New farms on the block

Chilmark welcomes Milkweed Farm and Loon Farm.

Mallory Watts, left, and Jackie Solomito run Milkweed Farm in Chilmark.—Courtesy Milkweed Farm

I went to the first Wednesday Farmers Market to get Lydia Fischer of Beetlebung Farm’s perfect slender asparagus, and found two new farms in attendance: Loon Farm and Milkweed Farm.

Loon Farm’s owners Lauren “Moxie” and David Ginsberg moved here from Los Angeles (where she grew up) five years ago. Moxie had started coming to the Vineyard when she was in her late 20s, and fell in love with it, she says. She is a physician, and started working at a summer position at the hospital and was offered a full-time position as an internist in 2013. A year ago, Moxie and David moved from Aquinnah to Menemsha. “I always had a fantasy about farming,” she says, “and only began last October.” She says her husband is a “connoisseur of farmer’s markets and food around the world.”

David and Moxie Ginsberg of Loon Farm. —Courtesy Moxie Ginsberg

Working with her at the farm and the West Tisbury Farmers Market is Gabriella Camillieri, who many may know for her clothing line and stained glass at the Artisans Fair. Camillieri had just finished her job with the Wampanoag Tribe when she heard Loon Farm needed help with their gardens, and here they are. I looked around at their offerings — edible flowers, assorted greens, beautiful fresh herbs, and a microgreens project that includes broccoli and Purple Sango radish (both of which I bought, tried, and loved), a healthy assortment of garlic scapes, and more vegetables coming soon. Presently they are at work building a greenhouse to extend their growing season and get an earlier start. For now you’ll be able to find them at the Wednesday Farmers Market and on Instagram @LoonFarm.

At the other end of the Farmers Market is Milkweed Farm, which has taken over Quanaimes Gardens and is run by Mallory Watts, founder (originally from Michigan), and Jackie Solomito (originally from Long Island’s North Fork). These young ladies moved to the Island just this past March. They met in Westchester, at New York’s Manhattanville College, as members of the ice hockey team, and soon became best friends, though Watts transferred and graduated from the University of Michigan. For the past seven years they’ve stayed in touch. Watts, who was living in New York City, came to Martha’s Vineyard because her boss owned property here, and then connected with Quanaimes Gardens. The ladies tell me, “It’s a long odd story” of how they got here, but the short version works.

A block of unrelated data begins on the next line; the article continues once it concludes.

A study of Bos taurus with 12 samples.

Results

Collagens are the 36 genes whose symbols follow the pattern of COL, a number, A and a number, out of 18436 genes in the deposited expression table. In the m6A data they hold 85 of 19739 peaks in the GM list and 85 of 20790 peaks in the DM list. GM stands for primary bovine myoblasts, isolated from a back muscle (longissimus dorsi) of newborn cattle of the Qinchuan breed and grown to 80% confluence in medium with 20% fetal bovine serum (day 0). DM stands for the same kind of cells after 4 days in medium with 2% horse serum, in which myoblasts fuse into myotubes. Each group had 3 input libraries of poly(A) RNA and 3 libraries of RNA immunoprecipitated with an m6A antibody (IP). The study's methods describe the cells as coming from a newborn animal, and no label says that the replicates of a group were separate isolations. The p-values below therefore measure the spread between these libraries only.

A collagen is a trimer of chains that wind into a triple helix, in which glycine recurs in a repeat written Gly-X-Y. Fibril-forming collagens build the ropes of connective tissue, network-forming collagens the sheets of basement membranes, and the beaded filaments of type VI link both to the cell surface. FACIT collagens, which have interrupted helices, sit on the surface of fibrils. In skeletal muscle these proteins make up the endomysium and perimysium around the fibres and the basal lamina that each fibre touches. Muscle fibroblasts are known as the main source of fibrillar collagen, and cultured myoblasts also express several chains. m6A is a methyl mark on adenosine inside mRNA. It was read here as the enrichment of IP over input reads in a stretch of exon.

The land they’re farming was grass when they started this year, and they’ve created 60 planting beds. Watts says she was premed in college, and always interested in health — not so much medicine as food health, so she wanted to focus on growing. She received a Farm Intensive Certificate from the Farm School NYC after attending a seven-month program in Brooklyn, where they worked an acre of land outside Winthrop High School in Crown Heights. She also “wwoofed” (Worldwide Organic Farming) in Vermont during college. Solomito admits, “I don’t have very much farming background, but my family owned a landscape construction and design company, and we were closely connected to the farms nearby. So here I try to do the muscle, and she [Watts] does the brains.”

In unison, and beaming smiles, they both say, “It’s a good team.” Milkweed Farm will be at Wednesday Farmers Markets in West Tisbury and the Sunday Oak Bluffs Open Market through October. They are also offering weekly produce boxes, which can be picked up at their farm stand at 142 Quenames Road or delivered (up-Island only). Email or call 248-670-8323.